I wish I had heard about the respite facility for developmentally disabled youths planned for a Town of Tonawanda neighborhood before the neighbors did. Maybe I could have prevented what’s happening. At least I would have tried.

I would have told them not to gather petition signatures to present to the Town Board objecting to the facility under the theory that it will cost tax revenue, increase traffic and compromise the safety of their own children, because all those reasons are a thin facade for the truth that everyone but they care to admit: fear of the unknown.

I would have told them about the number of people who have objected to facilities just like this over the years, who eventually came to be ashamed of ever suggesting that a house serving special-needs children or people with developmental disabilities would detract from a neighborhood.

I would have taken a few moments to dismiss the validity of their objections, particularly the ones saying the facility will resemble a prison because it will have a fence around it and the repeated references to it as a business. I would tell them that there is a difference between a fence around a house and a wall around a prison and that this will be a business in the same way their house becomes a business when they baby-sit.

I certainly would have let them know that, by law, the only way they are going to prevail in their crusade is to prove that the area is saturated with similar facilities or that this one will significantly alter the neighborhood. I would have informed them that the deck is stacked very much against intolerance and in favor of agencies such as Community Services for the Developmentally Disabled because the need is so great.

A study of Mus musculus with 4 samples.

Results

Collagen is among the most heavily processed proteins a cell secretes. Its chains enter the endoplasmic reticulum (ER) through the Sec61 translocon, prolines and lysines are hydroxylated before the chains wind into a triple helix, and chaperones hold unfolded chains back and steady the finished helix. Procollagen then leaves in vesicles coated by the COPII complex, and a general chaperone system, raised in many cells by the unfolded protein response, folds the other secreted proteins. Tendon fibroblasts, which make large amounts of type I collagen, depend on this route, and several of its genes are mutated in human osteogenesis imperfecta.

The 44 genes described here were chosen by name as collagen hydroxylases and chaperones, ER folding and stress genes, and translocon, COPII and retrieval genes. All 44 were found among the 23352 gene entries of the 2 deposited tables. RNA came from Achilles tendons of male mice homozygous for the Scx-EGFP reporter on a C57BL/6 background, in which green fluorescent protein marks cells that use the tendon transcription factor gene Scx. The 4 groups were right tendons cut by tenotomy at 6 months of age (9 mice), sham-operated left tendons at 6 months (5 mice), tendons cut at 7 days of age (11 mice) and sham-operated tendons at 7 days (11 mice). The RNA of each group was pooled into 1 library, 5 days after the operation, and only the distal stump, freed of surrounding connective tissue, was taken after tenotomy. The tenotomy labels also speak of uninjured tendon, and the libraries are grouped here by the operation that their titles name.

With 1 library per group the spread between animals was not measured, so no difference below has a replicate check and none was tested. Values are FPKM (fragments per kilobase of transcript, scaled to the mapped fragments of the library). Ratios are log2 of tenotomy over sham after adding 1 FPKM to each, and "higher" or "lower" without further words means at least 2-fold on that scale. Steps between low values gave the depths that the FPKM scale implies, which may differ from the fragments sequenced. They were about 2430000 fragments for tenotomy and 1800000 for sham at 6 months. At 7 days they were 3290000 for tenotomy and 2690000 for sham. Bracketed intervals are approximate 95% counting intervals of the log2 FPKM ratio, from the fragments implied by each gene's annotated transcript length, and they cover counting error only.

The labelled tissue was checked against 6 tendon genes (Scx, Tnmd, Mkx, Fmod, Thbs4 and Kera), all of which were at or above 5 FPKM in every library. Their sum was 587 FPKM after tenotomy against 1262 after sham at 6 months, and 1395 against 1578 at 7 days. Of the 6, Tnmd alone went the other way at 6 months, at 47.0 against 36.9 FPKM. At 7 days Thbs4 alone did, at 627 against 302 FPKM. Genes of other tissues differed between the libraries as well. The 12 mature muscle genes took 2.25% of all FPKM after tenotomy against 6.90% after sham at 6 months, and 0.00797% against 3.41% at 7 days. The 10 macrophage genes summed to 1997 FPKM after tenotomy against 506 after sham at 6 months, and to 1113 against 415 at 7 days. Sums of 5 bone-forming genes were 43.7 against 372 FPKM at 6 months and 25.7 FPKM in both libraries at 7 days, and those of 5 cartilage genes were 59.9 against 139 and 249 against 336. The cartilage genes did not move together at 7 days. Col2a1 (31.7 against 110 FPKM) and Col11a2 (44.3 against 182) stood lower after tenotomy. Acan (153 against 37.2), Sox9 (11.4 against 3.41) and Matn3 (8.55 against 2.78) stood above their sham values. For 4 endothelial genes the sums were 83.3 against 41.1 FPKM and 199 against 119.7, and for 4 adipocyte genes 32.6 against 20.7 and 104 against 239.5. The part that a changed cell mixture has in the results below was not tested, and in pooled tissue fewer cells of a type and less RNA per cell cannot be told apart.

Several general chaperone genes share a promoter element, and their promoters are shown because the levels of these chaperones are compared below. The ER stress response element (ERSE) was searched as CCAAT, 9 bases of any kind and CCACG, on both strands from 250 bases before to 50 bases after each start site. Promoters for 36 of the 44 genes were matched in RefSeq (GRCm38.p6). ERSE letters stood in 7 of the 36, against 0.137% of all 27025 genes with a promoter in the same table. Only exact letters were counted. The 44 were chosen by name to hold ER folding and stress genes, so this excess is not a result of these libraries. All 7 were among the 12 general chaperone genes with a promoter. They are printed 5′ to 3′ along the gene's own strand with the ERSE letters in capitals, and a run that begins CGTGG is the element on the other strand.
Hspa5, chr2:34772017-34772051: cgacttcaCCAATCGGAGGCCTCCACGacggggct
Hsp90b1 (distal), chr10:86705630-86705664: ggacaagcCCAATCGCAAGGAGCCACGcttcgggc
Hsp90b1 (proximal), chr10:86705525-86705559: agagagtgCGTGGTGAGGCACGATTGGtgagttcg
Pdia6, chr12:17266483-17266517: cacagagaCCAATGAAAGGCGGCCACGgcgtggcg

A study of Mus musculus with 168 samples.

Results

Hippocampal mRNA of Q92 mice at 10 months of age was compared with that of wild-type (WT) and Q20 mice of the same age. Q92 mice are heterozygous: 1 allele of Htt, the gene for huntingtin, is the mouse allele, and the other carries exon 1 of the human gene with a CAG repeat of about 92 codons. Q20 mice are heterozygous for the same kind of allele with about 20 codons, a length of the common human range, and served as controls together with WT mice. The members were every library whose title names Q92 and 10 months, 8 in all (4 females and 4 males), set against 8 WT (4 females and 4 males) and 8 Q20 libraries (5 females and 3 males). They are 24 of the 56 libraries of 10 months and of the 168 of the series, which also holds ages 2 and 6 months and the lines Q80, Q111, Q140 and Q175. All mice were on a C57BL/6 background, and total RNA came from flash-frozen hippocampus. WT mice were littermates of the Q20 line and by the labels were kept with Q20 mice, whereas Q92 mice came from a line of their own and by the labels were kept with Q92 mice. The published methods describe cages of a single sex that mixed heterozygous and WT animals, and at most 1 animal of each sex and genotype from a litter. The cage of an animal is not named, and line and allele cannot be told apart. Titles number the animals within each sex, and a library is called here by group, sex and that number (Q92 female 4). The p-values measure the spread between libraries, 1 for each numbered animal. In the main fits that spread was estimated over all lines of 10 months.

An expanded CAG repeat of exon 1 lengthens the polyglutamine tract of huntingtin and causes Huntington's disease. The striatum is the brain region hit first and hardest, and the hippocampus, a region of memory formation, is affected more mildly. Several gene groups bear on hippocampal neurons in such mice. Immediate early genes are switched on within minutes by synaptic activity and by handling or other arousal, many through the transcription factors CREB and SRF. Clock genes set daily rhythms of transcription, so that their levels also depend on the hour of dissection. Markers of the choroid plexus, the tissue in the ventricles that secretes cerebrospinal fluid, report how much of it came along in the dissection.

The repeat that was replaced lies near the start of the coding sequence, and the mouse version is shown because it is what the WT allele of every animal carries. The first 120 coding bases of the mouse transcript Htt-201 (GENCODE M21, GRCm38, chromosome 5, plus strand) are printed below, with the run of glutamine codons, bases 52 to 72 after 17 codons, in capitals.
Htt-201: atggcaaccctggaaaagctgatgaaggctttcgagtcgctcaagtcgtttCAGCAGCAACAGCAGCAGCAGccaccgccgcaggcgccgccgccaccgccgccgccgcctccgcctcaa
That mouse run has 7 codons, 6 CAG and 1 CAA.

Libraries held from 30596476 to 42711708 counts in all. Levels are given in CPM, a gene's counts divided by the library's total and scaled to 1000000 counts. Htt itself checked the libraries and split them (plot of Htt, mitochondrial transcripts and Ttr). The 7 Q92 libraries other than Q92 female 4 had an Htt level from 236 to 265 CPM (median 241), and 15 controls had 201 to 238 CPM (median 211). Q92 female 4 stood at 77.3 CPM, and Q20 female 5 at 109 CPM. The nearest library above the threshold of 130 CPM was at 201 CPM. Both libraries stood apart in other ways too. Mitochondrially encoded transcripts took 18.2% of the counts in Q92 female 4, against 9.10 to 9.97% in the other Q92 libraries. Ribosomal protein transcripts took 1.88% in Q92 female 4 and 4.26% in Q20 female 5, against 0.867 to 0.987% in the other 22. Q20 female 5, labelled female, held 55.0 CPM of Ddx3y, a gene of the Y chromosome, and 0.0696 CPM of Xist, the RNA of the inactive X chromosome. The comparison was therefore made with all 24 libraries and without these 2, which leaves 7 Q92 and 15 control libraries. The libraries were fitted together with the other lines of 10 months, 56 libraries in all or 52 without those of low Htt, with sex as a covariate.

If none of that worked, I would have told them that there is a group home around the corner from my house and that, unbeknown to many, there are group homes and respite facilities around the corner from thousands of houses, and the people who live and work in them are about the best neighbors you can hope to have.

If that didn’t convince them, I would have introduced them to my daughter Jessica. I would have asked her to tell them about her job with People Inc., taking care of special-needs teenagers after school Monday through Friday. She would have told them about the smiles on the young men and women she cares for who want nothing more than to be treated with kindness and respect, but who need a little more help than other kids their age.

I would have told them about the day I spent in awe and amazement watching my daughter care for the kids and seeing them respond to her obvious love for all of them. I would have told them about the gratitude that exudes from the kids’ parents to know that they can have a break from the demands of their everyday life and know that their children are safe and in good hands. I would have told them how I nearly burst with pride at the empathy my daughter displays every day.

I also would have told them that the world needs more empathy and less prejudice. And I would have reminded them that it’s never too late to do the right thing, stop signing ill-conceived, misinformed petitions and think of the many ways they can open their minds and their hearts to their new neighbors.